Caucus on Alternative Information and Communication of Indigenous Peoples asks to be recognized by the UN

At the 15th Session of the Permanent Forum on Indigenous Issues at the United Nations, Anselmo Xunic, president of Asociación Sobrevivencia Cultural in Guatemala, asked the forum to recognize the new Caucus on Alternative Information and Communication of Indigenous Peoples.

He said that the caucus, comprised of Bolivia, Guatemala, Venezuela and Nepal, was formed “to create strong and permanent networks of communication of decolonization of the world,” according to a video posted on the site of Cultural Survival, the U.S.-based sister organization of Asociación Sobrevivencia Cultural.

Xunic said that indigenous people should use mass media in their own communication strategies.

“They can be a mechanism to disseminate their native languages to their people and the rest of the world; to transmit ancient traditional knowledge about their lifestyles; to provide culturally relevant information; to allow cultural pluralism of native voices; to strengthen community organization, respect and harmony with Mother Earth and the cosmos; and to share information about the international mechanisms of human rights,” he told the forum.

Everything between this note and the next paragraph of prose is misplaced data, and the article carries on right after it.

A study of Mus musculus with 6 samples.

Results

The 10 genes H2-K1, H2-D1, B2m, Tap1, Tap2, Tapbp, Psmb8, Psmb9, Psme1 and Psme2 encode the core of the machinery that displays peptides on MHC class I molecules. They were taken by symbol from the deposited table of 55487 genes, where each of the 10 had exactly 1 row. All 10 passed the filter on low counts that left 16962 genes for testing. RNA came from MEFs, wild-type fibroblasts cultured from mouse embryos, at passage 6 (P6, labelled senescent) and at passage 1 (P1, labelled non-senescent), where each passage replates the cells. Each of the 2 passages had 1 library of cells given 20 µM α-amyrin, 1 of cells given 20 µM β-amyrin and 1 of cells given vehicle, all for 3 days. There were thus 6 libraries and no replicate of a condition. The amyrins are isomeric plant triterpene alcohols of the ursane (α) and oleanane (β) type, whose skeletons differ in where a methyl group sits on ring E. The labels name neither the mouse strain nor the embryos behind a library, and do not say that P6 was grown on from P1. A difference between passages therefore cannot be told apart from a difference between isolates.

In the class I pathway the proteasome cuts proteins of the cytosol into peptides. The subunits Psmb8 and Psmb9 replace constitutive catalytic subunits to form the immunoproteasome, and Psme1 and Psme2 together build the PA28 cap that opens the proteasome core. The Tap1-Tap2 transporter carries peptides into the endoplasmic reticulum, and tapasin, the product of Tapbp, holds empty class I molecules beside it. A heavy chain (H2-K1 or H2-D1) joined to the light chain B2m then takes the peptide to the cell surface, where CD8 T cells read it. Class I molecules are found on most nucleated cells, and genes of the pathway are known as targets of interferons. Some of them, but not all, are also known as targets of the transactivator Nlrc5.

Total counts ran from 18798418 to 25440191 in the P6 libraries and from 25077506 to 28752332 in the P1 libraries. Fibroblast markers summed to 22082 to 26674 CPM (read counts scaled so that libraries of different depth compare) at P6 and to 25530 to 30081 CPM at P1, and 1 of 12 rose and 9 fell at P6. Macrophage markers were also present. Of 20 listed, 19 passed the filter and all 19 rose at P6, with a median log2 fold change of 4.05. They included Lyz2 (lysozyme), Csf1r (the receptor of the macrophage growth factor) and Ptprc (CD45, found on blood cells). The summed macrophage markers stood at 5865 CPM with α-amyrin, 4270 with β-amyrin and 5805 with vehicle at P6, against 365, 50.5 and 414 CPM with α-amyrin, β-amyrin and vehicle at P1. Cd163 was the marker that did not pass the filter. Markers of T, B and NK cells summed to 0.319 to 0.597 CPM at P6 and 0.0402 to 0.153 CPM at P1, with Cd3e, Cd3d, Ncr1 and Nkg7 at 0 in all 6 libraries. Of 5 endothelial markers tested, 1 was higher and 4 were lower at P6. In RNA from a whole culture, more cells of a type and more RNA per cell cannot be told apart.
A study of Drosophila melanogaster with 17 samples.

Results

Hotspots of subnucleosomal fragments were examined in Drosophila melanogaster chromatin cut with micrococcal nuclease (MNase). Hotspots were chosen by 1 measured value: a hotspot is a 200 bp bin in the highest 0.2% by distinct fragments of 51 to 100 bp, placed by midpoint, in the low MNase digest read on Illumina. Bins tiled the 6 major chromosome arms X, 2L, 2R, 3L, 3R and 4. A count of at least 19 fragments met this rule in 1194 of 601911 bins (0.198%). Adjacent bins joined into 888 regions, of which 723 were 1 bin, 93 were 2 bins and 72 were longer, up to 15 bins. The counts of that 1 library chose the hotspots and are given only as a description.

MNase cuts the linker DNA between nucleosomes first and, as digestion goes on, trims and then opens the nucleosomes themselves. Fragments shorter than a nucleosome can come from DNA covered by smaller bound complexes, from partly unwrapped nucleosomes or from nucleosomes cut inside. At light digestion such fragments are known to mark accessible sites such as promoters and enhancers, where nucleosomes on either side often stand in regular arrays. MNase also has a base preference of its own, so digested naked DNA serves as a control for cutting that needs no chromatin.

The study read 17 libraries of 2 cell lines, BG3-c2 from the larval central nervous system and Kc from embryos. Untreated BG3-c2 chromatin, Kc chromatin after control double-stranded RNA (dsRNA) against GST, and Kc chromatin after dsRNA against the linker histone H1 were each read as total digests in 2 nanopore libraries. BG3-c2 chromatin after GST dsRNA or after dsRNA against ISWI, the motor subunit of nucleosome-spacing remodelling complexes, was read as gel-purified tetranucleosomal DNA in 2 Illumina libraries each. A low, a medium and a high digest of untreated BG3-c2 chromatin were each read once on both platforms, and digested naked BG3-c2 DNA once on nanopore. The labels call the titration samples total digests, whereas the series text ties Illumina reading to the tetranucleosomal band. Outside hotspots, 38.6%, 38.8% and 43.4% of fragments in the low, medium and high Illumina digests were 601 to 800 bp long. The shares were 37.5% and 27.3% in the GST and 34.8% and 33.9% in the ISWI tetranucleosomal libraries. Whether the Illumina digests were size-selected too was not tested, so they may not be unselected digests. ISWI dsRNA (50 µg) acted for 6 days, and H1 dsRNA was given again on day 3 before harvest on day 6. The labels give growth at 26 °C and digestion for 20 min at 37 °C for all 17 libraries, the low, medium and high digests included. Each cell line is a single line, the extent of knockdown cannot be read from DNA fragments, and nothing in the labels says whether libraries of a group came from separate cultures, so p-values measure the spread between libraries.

The traditionally oral societies are capable and determined to use technical mass media, but need help, Xunic explained.

In addition to the recognition of the forum, he requested that there be a permanent time set aside at the permanent forum for indigenous communicators and media outlets to speak and provide recommendations.

Xunic made his statement on May 19, a day in which many speakers from around the world highlighted the necessity of preserving indigenous languages, according to a UN press release.

According to the release, which cited Venezuelan Linda Manaka Infante, a representative of the Indigenous Language Caucus, “approximately 500 languages were projected to be lost by 2030.”

The Third Continental Summit of Indigenous Communication of Abya Yala in Bolivia was also announced at the forum. The event, organized by five indigenous confederations in Bolivia, is scheduled for November 14 to 18 in Tiquipaya, Bolivia. More than 1,500 people from the continent are expected to attend, according to the event’s website.

Note from the editor: This story was originally published by the Knight Center’s blog Journalism in the Americas, the predecessor of LatAm Journalism Review.